Adding secondary of output transformer into cathodes of output stage ? Eico ST-70
Hi I have been restoring a Eico st-70 and have been happy with its performance. I want to try some enhancements to see if the performance / sound can be better yet.
1. I wanted to put the secondary of the output tranformer into the output chothodes and could not decide if it should be in phase or out of phase with the primary. If its out of phase that will introduce negitive feedback and run the risk of motorboating.
If its in phase you might get slightly higher power output output with higher distortion.
What is the correct way???
Also Macintosh made inagrated amp called the ma230 that looks like a copy of the eico's amp stage .
2. Are there any benifits to adding a CCS to the LTP phase splitter ?
Looks like it would add a new cap in the signal path but may also have better balance.
Thanks in advance for any thoughts on this.
The phase splitter CCS is a very good idea for this amp. You need to balance the plate resistors and and the grid leaks of the output stage (that means you'll lose the balancing control and need to use matched output tubes).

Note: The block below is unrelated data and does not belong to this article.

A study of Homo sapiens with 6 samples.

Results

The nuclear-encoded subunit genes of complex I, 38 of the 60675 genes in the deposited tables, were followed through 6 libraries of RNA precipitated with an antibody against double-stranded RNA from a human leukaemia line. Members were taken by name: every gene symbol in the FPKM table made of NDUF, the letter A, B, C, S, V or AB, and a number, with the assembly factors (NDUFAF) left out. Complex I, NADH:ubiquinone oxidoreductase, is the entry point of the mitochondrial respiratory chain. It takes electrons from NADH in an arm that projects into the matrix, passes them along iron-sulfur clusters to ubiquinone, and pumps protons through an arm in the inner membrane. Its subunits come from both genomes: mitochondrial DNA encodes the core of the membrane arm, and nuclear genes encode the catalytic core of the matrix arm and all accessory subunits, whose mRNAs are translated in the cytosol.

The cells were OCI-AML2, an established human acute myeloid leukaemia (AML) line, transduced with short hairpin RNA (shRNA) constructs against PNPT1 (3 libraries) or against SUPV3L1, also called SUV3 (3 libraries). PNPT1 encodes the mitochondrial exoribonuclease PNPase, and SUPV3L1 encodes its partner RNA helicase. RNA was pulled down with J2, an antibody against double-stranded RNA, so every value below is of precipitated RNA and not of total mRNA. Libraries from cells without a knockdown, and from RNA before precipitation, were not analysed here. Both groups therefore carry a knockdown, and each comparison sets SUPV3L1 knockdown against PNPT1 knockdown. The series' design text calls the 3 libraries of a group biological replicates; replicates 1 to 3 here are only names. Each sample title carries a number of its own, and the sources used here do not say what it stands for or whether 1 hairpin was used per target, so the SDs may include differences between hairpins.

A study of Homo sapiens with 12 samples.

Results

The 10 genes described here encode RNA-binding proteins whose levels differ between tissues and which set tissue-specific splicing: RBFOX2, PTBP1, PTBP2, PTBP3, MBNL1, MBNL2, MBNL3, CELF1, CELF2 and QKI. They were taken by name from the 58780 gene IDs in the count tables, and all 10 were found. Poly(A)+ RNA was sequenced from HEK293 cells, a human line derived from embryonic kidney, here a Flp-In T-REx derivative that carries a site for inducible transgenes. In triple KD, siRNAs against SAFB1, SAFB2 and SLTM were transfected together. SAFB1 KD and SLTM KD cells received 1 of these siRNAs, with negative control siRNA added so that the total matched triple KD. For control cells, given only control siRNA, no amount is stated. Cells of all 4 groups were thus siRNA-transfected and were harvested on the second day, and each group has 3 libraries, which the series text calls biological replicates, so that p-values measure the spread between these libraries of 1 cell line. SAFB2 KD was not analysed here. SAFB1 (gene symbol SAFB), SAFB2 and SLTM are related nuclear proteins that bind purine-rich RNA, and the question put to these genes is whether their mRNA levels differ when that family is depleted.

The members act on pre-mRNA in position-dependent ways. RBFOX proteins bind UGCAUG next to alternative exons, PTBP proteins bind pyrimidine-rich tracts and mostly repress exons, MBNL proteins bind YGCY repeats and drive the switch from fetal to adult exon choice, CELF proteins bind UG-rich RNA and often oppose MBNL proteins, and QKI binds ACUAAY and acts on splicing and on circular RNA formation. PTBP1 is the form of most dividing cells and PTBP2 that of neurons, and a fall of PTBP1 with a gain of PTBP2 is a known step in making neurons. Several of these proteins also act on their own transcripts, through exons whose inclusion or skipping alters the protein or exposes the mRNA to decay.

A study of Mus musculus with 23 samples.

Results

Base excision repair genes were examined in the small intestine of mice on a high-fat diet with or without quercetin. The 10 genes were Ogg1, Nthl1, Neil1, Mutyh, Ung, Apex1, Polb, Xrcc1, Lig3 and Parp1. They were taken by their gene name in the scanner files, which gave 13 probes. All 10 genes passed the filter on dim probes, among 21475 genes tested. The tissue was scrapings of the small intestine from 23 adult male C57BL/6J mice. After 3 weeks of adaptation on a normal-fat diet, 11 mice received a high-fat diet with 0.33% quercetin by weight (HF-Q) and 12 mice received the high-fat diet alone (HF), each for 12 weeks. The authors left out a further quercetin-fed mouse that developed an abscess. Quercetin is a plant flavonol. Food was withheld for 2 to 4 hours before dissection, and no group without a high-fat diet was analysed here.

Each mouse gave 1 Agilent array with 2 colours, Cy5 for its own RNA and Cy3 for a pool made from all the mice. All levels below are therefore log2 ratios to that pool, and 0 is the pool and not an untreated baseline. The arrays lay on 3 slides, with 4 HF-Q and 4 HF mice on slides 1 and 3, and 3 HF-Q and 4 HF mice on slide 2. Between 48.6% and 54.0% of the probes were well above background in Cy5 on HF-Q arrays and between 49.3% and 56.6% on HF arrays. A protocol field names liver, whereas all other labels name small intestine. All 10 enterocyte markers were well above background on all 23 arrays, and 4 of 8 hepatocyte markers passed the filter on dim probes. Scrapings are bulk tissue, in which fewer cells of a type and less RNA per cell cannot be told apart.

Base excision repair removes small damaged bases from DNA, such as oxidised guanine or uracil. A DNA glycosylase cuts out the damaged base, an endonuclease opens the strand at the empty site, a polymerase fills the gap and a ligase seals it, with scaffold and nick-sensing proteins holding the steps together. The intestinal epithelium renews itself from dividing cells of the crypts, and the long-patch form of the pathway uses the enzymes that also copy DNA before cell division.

I wouldn't go the cathode feedback route for this amp; what you pick up in output stage distortion reduction you lose in making the driver swing the extra voltage.
Re: Adding secondary of output transformer into cathodes of output stage ? Eico ST-70
Cathode feedback might not be possible. Being push-pull it requires two closely matched anti-phase returns from the secondary taps to the two output cathodes. The schematics show the 16, 8, 4 and C secondary taps. You need to find three adjacent taps such that:
- the two outside taps drive the speaker with a proper impedance match
- the centre tap can be grounded (removing the ground on the 4 ohm tap if it doesn't remain centre)
- the signals between the grounded tap and each outside tap are closely matched in amplitude and phase shift across a wide range of frequencies into the ultrasonic.
I tried this on a 7591 p-p amp (70 volt taps though, heavy return) which in its current config is down about 6 dB at 110 kHz into a resistive load. However at high frequencies the phase difference between the two feedback windings shifted more than 90 degrees and the feedback went positive. The 7591 makes a very effective 55kHz oscillator. Cathode feedback is much easier applied to single-ended outputs.
Re: the LTP, I may be missing something but if the DC currents remain identical why is a coupling cap required? Start up conditions?
Use cathode feedback if you feel you need better woofer damping, otherwise leave it as is because as SY said you'll get less GNFB gain as the result, and who knows which distortions sound nastier in the particular amp, output stage's or driver's errors.